If you’re a single mom or you’re part of a parenting team but one of you is a stay-at-home parent, you may have to find a way to live on a single income moving forward. As challenging as that can be, it can also be rewarding, creating more opportunities for both parents to spend quality time with children. In addition, having one parent run the bulk of the household can be less stressful than trying to juggle the tasks between two working parents. However, it still can require some smart financial strategizing, and the tips below can help you with that.
Pay Down Debt
Debt can consume a substantial portion of your monthly pay. In fact, if you are both still working, you may need to pay down your existing debt before you can move to living on a single income. High-interest debt, such as what you owe on your credit card, can be particularly hard to deal with if you’re not bringing in two incomes for a family of three or more. Your first step in paying down what you owe should be to reduce that amount as much as possible. Rolling credit card balances onto a card that offers low interest for transfers can give you a few months to aggressively pay those balances off without constantly mounting interest.
However, if you do go this route, make sure that you note when the low-interest period ends. Taking advantage of NaviRefi student loan refinancing can help you refinance your student loan debt into something more manageable, whether that means lower monthly payments or lower interest rates. Work out a schedule for paying off your highest-interest debt first. Put most of your resources toward this, sticking for now with minimum payments on your other debts. Once the one that was costing you the most in interest is taken care of, you can reassess whether this is a good time for one of you to quit working or if you want to get rid of more debt first.
Have Emergency Savings
The corollary to paying down debt is having an emergency savings fund. You often end up owing money not because you have been careless with it but because life happens, in the form of your dog getting sick, your furnace breaking or your wisdom teeth deciding to torment you. Having emergency savings can change these incidents from financially cataclysmic to merely annoying. Building up this fund is something else you should consider doing prior to one person leaving their job if you’re both working.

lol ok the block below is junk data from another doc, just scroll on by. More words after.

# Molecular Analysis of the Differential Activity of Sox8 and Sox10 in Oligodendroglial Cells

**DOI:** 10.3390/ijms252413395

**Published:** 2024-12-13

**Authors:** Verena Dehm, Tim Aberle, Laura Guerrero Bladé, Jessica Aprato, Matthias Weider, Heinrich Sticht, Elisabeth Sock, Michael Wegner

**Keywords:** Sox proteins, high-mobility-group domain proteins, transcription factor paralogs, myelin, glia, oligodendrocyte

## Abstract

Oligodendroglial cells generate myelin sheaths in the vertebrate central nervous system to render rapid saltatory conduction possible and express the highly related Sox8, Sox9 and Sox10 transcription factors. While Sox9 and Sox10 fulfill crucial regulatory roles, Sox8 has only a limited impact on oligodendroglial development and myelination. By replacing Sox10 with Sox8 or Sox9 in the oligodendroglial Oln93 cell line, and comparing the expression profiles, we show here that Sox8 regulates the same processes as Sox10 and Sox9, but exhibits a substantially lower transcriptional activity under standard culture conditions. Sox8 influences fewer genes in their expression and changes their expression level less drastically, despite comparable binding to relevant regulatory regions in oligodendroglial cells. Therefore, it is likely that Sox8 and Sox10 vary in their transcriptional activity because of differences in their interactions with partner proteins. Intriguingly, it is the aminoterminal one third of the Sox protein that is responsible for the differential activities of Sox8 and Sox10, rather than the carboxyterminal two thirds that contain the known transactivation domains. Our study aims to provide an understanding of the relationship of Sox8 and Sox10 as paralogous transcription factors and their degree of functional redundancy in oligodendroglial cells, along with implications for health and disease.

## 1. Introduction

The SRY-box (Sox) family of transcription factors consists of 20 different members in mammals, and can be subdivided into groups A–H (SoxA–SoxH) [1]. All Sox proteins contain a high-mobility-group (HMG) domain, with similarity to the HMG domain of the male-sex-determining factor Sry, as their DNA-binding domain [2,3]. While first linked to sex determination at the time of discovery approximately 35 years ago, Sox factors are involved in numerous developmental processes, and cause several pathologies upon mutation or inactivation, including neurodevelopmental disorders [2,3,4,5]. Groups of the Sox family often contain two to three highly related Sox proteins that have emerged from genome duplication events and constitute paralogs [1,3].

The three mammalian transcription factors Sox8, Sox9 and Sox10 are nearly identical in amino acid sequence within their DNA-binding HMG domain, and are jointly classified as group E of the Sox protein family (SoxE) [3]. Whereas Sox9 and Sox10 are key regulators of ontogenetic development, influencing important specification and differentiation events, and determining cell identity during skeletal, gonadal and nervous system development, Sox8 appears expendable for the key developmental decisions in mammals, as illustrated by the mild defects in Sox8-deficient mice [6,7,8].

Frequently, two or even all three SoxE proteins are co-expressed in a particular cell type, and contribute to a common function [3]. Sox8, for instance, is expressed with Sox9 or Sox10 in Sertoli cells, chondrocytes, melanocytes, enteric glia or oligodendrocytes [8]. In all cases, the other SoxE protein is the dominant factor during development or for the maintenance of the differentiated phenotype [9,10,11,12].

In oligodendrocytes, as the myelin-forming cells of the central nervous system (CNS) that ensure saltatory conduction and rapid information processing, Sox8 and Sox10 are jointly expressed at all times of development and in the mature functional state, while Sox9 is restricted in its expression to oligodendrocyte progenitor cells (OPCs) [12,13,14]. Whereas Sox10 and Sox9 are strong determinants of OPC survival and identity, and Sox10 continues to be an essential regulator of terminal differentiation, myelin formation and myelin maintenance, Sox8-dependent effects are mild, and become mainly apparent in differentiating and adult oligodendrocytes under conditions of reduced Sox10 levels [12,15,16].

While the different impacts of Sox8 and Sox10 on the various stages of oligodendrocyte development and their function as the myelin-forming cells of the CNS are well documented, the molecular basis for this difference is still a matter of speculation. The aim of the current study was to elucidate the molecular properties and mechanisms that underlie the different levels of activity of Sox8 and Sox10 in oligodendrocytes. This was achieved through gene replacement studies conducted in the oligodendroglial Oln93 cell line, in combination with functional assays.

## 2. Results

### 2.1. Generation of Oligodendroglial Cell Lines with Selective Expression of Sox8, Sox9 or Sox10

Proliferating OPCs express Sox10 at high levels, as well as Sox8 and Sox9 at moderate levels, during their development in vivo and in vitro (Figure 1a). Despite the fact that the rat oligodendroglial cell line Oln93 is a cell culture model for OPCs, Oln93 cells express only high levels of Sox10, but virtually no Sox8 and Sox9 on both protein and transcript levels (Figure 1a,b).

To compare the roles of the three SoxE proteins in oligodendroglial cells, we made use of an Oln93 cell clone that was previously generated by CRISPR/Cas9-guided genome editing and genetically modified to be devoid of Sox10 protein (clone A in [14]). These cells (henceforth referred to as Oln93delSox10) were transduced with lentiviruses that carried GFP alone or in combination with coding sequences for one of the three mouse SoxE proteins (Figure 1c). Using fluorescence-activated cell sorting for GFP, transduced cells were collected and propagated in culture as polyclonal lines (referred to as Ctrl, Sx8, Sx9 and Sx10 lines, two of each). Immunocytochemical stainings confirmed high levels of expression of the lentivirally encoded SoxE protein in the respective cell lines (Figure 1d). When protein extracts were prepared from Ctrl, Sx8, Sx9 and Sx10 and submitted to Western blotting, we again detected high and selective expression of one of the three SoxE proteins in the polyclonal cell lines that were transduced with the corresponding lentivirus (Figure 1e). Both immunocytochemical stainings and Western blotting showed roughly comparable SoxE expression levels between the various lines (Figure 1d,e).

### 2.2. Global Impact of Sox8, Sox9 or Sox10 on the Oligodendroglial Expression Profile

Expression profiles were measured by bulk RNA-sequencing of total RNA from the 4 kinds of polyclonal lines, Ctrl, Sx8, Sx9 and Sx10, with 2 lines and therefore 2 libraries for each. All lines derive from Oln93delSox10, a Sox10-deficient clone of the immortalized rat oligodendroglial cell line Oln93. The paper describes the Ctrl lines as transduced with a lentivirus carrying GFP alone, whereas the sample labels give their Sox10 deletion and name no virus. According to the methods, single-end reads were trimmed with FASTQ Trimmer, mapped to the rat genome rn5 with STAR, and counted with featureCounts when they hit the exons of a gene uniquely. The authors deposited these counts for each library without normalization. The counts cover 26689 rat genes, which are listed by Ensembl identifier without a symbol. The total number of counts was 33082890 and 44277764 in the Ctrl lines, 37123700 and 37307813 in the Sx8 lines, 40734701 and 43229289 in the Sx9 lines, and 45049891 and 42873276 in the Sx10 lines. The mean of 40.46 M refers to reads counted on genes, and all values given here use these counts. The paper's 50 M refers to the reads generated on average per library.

The usual advice is to have between three and six months of expenses in this fund. With children, it’s probably a good idea to aim for the more financially conservative goal of six months. This should be in an account that is easily accessed instantly, such as a money market account or a regular savings account. If you’d feel more comfortable with additional savings beyond that, you could consider investing them across several certificates of deposit that are due at varying intervals. This allows you to earn a higher interest rate than you would with a savings account but ensures that the money isn’t inaccessible for too long.
Knowing exactly where your money is going will be critical to managing on a single income. In addition, creating a budget presents an opportunity to think about where you’re spending your money and how you’d like to change that. You will discover ways to save money on food, or trim down entertainment costs, etc. If you’re either transitioning from two incomes to one or you’ve been struggling on a single income up to now, this is a good time to identify how you could remove some of that financial pressure. Some of your changes might be fairly low-key, such as doing more meal planning so that you aren’t impulse buying at the grocery store or feeding the family on expensive takeout. Some might be more drastic efforts at downsizing. You may decide to trade in your car for a less expensive one or that you want to move to a smaller place. It’s important that your budget doesn’t feel like a tool of deprivation, but you may also need to work on your mindset in that regard. For example, if you have to cut back on the family entertainment budget, remind yourselves that it’s less the things that you do and more the time you spend together that is important.